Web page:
Tuesday 10 September 2013

A rare piece of sanity about Greece

It is not by me, but it deserves to be read by as many people as possible.
Indeed, entire generations are currently being sacrificed at the altar of ensuring Merkel a smoother election.

This is by George Stathakis, a professor of economics at the University of Crete. The original article, The Greek Issue and the Imagination of German Politicians, is actually in Greek so you may or may not want to follow the link. Here is a translation (thanks to talos at the European Tribune) of the main points.

I would just add that point 4 is true when the said economy is in depression. An economy with a debt problem but in a boom can address it. An economy in depression, with or without a debt problem, needs deficits. Depressingly, we've known that for 80 years at least, but Germany demands that you forget it.
Oh, and please remember points 1 and 3 next time you hear that Germans are sick of picking the tab. Germany has not paid a single euro, on the contrary, they greatly gained (€10 billions already in 2012, estimated to reach around 67 billions from the crisis episode -and that is with the optimistic scenarios in terms of duration of the crisis, that have consistently been met with disappointment when confronted to reality) from the lowering of their interest payments.

  1. German taxpayers have not paid a single euro for the Greek crisis. The mechanism that lends the crisis countries borrows money from the markets, not the taxpayers, on the basis of government guarantees that countries like Germany offer. The organisation's equity is only 80 billion Euros with 20 billion of those coming from Germany. Only these can be called theoretically "taxpayer money". Only in the case of a hair-cut will there be some fiscal cost for the guarantor states
  2. The ECB, which has been involved with the buying of bonds of countries under the memoranda, is profiting until now. The same holds for most of the other Central Banks that are being called to return their profits to Greece, as some have already done.
  3. German banks minimized their loses from Greek bonds through the first Greek memorandum, despite the PSI deal that followed and Germany has benefited from the European crisis due to the fact that it can now borrow money at zero rates.
  4. The Greek programme is a parody that is sinking the Greek economy and weakens its ability to service not only the current debt, but even a smaller debt load. As paradoxical as it might seem, an economy that faces a debt problem needs, temporarily perhaps, more debt in order to recover. The austerity policies increase the public debt while at the same time undermining the ability to service it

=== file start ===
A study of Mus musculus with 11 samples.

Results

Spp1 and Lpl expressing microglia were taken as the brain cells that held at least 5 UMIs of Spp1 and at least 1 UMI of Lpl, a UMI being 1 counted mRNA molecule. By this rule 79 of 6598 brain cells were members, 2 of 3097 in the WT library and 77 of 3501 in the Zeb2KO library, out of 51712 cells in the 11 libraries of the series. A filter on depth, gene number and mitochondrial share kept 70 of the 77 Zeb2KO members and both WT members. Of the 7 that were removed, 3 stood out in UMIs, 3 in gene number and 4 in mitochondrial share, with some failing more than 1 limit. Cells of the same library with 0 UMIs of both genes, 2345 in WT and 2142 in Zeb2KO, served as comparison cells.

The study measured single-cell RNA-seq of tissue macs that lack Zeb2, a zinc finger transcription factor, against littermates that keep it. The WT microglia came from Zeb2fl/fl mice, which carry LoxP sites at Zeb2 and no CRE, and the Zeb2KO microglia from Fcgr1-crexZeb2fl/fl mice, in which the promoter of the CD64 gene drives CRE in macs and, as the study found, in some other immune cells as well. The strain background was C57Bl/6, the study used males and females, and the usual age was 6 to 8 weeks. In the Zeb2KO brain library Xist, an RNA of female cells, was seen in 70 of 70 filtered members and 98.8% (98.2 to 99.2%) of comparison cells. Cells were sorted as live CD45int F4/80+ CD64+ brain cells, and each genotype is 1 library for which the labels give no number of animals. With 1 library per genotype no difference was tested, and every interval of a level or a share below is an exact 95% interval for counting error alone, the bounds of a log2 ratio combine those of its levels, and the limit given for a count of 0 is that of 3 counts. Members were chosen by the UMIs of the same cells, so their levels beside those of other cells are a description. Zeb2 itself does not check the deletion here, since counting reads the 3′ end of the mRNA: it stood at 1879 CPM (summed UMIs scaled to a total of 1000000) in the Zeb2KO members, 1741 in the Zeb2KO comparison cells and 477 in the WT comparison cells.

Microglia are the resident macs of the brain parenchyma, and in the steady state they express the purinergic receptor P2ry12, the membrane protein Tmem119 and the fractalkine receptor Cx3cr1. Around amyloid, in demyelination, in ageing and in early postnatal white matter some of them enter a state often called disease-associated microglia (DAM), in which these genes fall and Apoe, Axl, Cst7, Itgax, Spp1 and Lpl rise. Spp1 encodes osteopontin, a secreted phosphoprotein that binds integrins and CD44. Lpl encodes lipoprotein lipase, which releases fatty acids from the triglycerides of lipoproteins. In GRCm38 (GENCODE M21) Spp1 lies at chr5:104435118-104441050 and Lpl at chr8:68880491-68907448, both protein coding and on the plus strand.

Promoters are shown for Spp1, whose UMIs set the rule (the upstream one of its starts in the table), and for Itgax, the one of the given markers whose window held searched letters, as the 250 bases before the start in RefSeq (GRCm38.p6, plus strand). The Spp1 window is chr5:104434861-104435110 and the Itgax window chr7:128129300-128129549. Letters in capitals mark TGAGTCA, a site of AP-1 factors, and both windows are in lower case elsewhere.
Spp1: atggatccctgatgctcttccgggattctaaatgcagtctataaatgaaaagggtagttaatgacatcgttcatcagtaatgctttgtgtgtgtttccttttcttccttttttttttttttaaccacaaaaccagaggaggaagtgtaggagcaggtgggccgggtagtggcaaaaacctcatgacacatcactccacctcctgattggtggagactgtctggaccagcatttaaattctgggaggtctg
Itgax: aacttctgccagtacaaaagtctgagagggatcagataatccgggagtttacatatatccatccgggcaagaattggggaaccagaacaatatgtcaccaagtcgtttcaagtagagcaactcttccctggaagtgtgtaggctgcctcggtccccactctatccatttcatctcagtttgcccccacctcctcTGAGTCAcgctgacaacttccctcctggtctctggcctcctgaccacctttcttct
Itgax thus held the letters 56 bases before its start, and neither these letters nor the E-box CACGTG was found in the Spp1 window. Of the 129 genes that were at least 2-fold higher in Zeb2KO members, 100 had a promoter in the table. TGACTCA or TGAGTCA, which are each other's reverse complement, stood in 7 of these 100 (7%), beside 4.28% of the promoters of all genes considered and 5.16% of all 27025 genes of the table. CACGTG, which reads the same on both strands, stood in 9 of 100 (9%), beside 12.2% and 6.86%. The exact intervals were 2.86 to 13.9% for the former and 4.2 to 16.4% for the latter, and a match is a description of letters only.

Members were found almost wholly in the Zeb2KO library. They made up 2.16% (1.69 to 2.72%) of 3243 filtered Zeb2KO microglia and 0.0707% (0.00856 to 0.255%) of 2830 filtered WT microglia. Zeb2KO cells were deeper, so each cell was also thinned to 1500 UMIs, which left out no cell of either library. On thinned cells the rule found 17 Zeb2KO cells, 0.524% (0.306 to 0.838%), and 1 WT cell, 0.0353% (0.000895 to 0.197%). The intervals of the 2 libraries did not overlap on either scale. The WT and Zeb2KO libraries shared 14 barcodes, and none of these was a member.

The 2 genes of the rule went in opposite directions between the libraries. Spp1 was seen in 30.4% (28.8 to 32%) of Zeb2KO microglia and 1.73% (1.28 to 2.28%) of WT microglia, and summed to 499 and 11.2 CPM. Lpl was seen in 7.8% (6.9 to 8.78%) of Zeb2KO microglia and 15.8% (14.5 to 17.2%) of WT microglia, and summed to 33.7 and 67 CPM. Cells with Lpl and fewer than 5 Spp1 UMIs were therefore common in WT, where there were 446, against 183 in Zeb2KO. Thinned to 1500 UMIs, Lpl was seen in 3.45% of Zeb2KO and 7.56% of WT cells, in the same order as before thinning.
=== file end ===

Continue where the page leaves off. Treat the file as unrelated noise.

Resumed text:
5.  A third "loan package" is needed because of the first and the second ones. Repayment of 300 billion might have been postponed till 2020, but until then 83 billion Euros must be paid as interest, an amount that the troika reckons will be paid by budget surpluses after 2014 that will reach 4,5% of GDP and from the privatisations, which are now estimated (after revision of the initial outrageous 50 billion euro target) at 22 billion Euros. For this to happen the troika is anticipating a return to growth by 2014 and a growth rate of 3% afterwards, based on an increase of exports by 50% compared to 2009 and an investment boom that will increase capital formation to 15% GDP per annum. Simply put this is a science fiction scenario. This means that the funding gap might turn out to be closer to 80 than to 10 billion Euros.
  6. Greece must exit the memorandum and avoid by any means any new loans. For this to happen three things are needed: Debt reduction - direct or indirect-, transferring the 50 billion set apart for bank recapitalization to the banking union mechanism and a generous grace period of a payment of interest moratorium or a growth clause. A return to regular borrowing by Greece will only then become feasible and only if the ECB continues to do, as in Italy, what it should do: intervene or threaten to intervene every time lending rates rise.
The Greek issue is more convenient for the German electoral campaign than the Italian or the Spanish issue. It revives the initial idea of a "special case" and diverts the discussion from its true dimensions which are European. Germany, as an "incomplete hegemon", can massacre the imaginary enemy of a "problematic" Greece, avoiding the discussion which concerns it, or which should concern it which is the European Crisis. There, silence pervades.